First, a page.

Former England and Barbados cricketer Roland Butcher has agreed with Cricket West Indies’ (CWI) decision not to support the bid of its former president Dave Cameron for the top position of chairman of the International Cricket Council (ICC).
CWI has not openly supported or nominated anyone for the position and that includes the 49-year-old Cameron. The United States of America Cricket Hall of Fame nominated Cameron and he subsequently requested CWI to second that nomination which they turned down. CWI’s decision shocked many and drew criticism even from Barbados Cricket Association president Conde Riley who suggested the region should be supportive of its own.
To be elected, cricket’s world governing body outlined that candidates must be a present or former ICC board member. But current CWI vice-president Kishore Shallow made it clear some time ago that they would not be supporting anyone. Earlier this year during a radio interview in Jamaica, Shallow said: “I will have my reservations in the fact that just over a year ago, I challenged Dave Cameron’s leadership for what I believe is great reasons. I seriously have questions over his performance as a leader and based on those reasons, I will not be able to support him at this time.”
Butcher told Barbados TODAY that though it may appear as personal to some people, he believed CWI made the right call because Cameron did not have a chance of succeeding.
“We must understand the situation. Most people see this as David Cameron asked Cricket West Indies and the West Indies cricket board said no. To be ICC chairman, it is a completely different situation. First and foremost you have to be a director or ex-director. You have to have at least two boards nominate you before you even get in the race.
“It was a Hall of Fame in the United States who put forward Cameron’s name and they have no say at all. What other countries would support him? India is not going to support him because they have Sourav Ganguly. England is not going to support, Australia is not going to support and Pakistan would have somebody. So, right off, I don’t think he had a chance.
“Even the way it came about through a Hall of Fame. West Indies were put in a position that they said no and they did not have any choice. People would feel it is a personal thing against Cameron. But the Hall of Fame has no say, they can’t recommend anybody for anything,” Butcher said.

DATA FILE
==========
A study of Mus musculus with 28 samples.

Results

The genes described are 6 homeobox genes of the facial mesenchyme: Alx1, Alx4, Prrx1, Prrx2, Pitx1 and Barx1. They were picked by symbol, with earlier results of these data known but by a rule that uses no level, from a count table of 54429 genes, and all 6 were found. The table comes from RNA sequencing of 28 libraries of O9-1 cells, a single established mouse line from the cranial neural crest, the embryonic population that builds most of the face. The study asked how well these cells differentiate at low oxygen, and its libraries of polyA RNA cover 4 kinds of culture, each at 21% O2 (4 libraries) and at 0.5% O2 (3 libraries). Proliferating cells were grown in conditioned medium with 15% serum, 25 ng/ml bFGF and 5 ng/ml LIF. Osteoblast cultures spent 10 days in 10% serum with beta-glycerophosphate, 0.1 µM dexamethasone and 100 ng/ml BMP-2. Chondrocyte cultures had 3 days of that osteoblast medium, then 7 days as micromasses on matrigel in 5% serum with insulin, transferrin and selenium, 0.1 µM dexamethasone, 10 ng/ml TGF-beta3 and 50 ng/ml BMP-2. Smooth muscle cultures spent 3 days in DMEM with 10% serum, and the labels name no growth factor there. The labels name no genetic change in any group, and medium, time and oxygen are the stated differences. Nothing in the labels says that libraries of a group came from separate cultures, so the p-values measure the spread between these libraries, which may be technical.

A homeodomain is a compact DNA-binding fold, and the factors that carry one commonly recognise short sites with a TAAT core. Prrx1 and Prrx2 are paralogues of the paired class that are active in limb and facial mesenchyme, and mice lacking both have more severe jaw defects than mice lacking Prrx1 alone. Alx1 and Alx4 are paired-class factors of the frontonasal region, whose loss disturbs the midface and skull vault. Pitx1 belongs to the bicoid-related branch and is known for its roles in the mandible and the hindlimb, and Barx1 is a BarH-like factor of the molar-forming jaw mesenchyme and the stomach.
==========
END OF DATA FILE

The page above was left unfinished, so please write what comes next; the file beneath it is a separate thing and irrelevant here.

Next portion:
He added: “India, England and Australia right now really control things. West Indies right now have been in decline for years. Do you think ICC would want somebody from the West Indies right now running international cricket?”
Former President of the Singapore Cricket Association Imran Khwaja is the interim chairman of ICC until elections. Khwaja replaced former chairman and Indian lawyer Shashank Manohar who held the seat for two terms.
Recognised as the first black man to play Test cricket for England in 1980, Butcher is of the view that it has been a long while since West Indies dominated world cricket and therefore one of their own would hardly be allowed to run the affairs of world cricket.
“You cannot even be successful in your cricket but you want to run the world game? It is like somebody coming and wanting to be the coach of the Barbados team, they have never coached a team before at any level. They have never won anything and expect to be the coach, it is impossible.
“As a West Indies unit, we have no say at the ICC level besides when we attend the meetings, because we are at the bottom of the pile. Unless you can get goodwill from the top teams, I think now the West Indies has some goodwill with England because of what they did this summer, So England would try to support them in certain things. But that’s the only way we can operate right now and that is to have some goodwill from the top sides,” he said.
Adamant that nobody from the West Indies would get anywhere near that chairmanship position right now, Butcher suggested that the legendary Sir Clyde Walcott, a former West Indies manager and ICC chairman, only got the latter position because of West Indies’ dominance during that time.
“Sir Clyde Walcott would have gotten that position when they were rotating and we were a dominant force then. But right now you got a seat at the table but they are certain decision-makers and apparently, we are not one of them,” Butcher explained.
Interestingly, Singapore, from which the current interim chairman Khwaja and one of the frontrunners for the post originates, along with New Zealander Greg Barclay, is not even a full member of the International Cricket Council.